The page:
Inspired by fresh, Asian herbs, micro-greens and vegetables grown in the estate’s own greenhouse, chef Virgil Kahn creates fine pan-Asian-inspired tapas bursting with subtle flavour combinations. Best mix ‘n match, sharing his interpretations of Asian classics from Thailand and Vietnam to Korea and Malaysia with a South African twist. A holistic approach to fragrant aromas, delicate flavours and natural textures in the kitchen carry through from the wellness philosophy of the spa. Start with the signature tuna tataki flavoured with fermented garlic and a divine curried beef laksa with langoustine dumplings. The starters and sides are so good it’s tempting to simply share a few and eschew mains: crunchy mussel omelette, edamame and shiitake pot stickers, springrolls and Thai beef salad. The flavours are authentically Asian and piquant, layered with aromatic basil, cardamom, coriander, galangal, lemongrass, lime and mint – and that elusive savoury umami quality. For mains, the signature vindaloo of local seafood is exquisite, combining gently steamed shellfish and linefish enhanced by apple and celery dressing. Vegetarians will enjoy the roasted, smoky textures of cauliflower, an exotic salad of green mango and Thai green curry with tamarind ginger chutney. Carnivores will enjoy the spicy spin on sticky beef short ribs or Korean BBQ chicken with kimchi. Leave space for desserts – a signature Willy Wonka green tea and chocolate composition which dances on your palate with jasmine meringue and yuzu sorbet. Finish with one of the exotic cleansing tea infusions which take you to the Far East.
Top-notch wine list of Delaire and other leading Stellenbosch cellars.
First-class with meticulous attention to detail from start to finish.
Chic and intimate fine dining in an arty interior plush blue and copper tones to a deck with spectacular vineyard and mountain views.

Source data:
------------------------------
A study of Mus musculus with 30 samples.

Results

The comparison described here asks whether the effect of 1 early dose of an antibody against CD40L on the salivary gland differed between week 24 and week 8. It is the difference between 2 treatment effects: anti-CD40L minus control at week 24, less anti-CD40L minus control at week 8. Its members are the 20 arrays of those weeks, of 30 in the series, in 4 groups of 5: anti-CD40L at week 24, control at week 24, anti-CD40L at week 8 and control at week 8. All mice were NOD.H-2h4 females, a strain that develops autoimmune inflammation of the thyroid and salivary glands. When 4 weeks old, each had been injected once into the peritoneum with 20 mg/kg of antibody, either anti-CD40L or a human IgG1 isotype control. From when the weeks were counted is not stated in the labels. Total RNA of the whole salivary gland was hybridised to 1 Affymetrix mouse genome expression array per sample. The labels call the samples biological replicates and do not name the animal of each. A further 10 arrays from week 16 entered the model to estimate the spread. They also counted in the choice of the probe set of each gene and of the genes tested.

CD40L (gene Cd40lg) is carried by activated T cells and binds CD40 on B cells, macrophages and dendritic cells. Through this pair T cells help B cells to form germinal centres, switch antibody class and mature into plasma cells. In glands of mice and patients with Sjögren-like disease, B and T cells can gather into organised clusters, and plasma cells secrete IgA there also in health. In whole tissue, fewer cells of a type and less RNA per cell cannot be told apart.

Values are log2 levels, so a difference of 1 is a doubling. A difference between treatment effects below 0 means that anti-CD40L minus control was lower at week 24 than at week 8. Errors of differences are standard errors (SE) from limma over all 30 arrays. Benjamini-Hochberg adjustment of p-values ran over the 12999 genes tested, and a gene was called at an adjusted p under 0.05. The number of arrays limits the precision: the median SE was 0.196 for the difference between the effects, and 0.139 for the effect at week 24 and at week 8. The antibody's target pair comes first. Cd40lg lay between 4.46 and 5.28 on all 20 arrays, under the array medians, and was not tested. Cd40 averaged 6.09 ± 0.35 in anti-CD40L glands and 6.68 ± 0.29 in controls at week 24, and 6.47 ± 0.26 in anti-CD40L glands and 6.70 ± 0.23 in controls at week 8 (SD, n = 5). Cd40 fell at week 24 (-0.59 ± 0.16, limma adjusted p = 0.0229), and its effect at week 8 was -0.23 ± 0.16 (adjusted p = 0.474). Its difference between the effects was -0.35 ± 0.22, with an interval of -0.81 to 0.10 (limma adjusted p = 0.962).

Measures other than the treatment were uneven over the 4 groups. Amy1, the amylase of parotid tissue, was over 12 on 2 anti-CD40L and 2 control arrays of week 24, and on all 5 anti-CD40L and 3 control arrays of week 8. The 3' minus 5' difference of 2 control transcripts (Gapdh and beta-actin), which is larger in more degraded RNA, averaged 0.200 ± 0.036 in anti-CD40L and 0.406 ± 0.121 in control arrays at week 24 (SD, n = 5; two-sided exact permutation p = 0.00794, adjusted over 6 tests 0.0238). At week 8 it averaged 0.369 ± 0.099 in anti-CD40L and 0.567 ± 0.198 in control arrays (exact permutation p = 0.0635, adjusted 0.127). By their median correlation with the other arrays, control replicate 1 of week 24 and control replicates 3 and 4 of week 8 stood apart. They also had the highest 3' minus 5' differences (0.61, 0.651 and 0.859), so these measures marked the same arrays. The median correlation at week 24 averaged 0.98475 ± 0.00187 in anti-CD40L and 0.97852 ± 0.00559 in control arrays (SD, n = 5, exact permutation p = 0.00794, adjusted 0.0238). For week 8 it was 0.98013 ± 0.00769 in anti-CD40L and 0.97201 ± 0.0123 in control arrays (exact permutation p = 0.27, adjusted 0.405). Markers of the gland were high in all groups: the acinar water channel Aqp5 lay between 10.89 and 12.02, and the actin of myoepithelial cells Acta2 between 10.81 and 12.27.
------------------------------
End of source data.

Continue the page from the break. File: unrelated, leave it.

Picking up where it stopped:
A romantic dinner on a pampered getaway in the winelands.
Eat Out critics dine anonymously and pay for their meals in full. Read our editorial policy here.
In 2017 chef Virgil Kahn led Indochine to yet another nomination for the Eat Out Mercedes-Benz Restaurant Awards.
We start with the tikka lamb Scotch egg and the tom yum goong. I loved the contrast of a Scotch egg, a dish so seemingly British in origin, with Asian flavours. Indochine’s version is both delicate and fresh, with fermented chilli dressing, dehydrated yoghurt shards and onion raita. Then it is on to the tom yum goong soup. There is something hugely satisfying about the depth of flavour of fish sauce, lime and lemongrass in Thai soups. Chef Virgil nails the balance of heat and umami, richness and freshness. It’s one of those dishes you think of for days after.
For mains we have the grilled line fish and the vindaloo of local seafood. The line fish with ginger salad is fresh and well-spiced, though the salad overpowers the fish a little. The vindaloo is tasty but very mild (though this may be my fault for requesting it not be too spicy). I will be back to try the vindaloo and the other curries, except without making any special requests.
Pairing wine with spicy food is seldom easy, but the sommelier at Indochine must be commended for his enthusiasm, attention to detail and attentiveness in this regard. From the rieslings and bukettraubes to chenins and chardonnays that could stand up to these dishes, are walked through wines for each and every dish we might choose.
In the restaurant the service is great. Everyone is friendly, professional and informed.
Driving up to Indochine is a little like entering a portal to the lost world. Delaire Graff’s massive old trees, giant cycads and impressive statues all add to the sense of a journey into another realm. It’s even better if you go for lunch, as the views across the mountains and vineyards are incredible. You’ll notice interesting art across the estate, from the sculptures on the drive in to the Swallows in Flight installation in the Indochine dining room. In winter, pick a table by the fire. You’ll also enjoy magnificent views of the mountains.
Seeing as the spa is right there, why not book yourself in for a morning spa session before lunch?
Eat Out critics dine unannounced and pay their own way. Read our full editorial policy here.